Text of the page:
Alabama No Child Left Behind Act Workshop


Monday night’s meeting was hosted by the Alabama Association of School Boards and state education officials say there must be a partnership between local school officials and their communities in order to be successful with the No Child Left Behind Act.

Communication and cooperation are two key elements necessary for no child to be left behind in school.

"Inviting the community into dialogue, to talk about the specific challenges they face and how parents can be helpful in that,” said Denise Birchalter.

Challenges like helping students stay focused on their school work, and making sure that highly qualified teachers are in the classroom, teaching the youth of tomorrow.

"We have teachers, a few, maybe 3,000 around the state that are not deemed qualified," said Dr. Sandra Sims-Degrafferide.

Those teachers have until the beginning of the next school year to complete the course work and tests they need to become highly qualified.

Closing the learning gap between every student in Alabama regardless of race, color, or financial background is the number one goal of the No Child Left Behind Act.

Members of Alabama’s Association of School Boards are going around the state hosting workshops for school board members from the state's nine school districts, to teach how to reach that goal.

Dr. Sandra Sims-Degrafferide said, "It's very important that school board members understand, that probably one of the most important tasks is making sure that our children are achieving and achieving well."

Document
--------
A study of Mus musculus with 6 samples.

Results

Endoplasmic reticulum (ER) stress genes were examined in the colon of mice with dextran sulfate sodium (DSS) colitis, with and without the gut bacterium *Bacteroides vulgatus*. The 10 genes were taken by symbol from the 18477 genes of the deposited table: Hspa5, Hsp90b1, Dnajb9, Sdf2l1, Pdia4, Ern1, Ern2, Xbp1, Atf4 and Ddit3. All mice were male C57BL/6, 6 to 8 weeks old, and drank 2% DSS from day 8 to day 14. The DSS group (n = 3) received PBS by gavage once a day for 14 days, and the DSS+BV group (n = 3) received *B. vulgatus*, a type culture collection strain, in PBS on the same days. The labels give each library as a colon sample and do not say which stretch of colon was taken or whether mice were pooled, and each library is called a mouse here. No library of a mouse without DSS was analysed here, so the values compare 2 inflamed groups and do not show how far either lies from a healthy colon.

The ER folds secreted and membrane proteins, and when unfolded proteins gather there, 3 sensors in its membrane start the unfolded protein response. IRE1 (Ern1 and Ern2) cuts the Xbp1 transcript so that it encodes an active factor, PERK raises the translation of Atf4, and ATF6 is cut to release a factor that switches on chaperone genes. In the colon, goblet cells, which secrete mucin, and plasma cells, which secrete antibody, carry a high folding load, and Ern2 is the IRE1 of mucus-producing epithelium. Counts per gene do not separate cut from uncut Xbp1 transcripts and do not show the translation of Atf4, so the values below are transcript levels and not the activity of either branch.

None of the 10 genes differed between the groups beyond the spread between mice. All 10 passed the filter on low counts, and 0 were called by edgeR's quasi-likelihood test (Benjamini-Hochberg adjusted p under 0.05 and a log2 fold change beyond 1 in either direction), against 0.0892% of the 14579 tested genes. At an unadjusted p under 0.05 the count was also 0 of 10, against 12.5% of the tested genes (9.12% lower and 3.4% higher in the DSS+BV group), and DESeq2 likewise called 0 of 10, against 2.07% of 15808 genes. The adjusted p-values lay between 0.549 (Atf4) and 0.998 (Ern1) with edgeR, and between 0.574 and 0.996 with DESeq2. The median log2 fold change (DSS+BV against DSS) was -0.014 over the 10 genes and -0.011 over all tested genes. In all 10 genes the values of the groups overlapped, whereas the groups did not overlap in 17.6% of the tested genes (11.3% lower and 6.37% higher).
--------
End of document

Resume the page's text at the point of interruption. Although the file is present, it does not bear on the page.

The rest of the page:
School officials here in Dothan, say it is their responsibility to make student success their top priority.

“We’re going to have a summer program for all of our first graders. If they fall behind, they're going to go to summer school this summer so that when they enter the second grade, they're back up to speed," said Dr. Steve Stokes

School officials also plan to begin a technical training program, to prepare high school kids for specific jobs when they graduate.

The summer reading program and the technical training program will both be outlined in a five-year plan that Dothan city school officials plan to unveil next Monday.

Monday’s workshop was one of nine that the Alabama Association of School Board is hosting across the state, over the next month.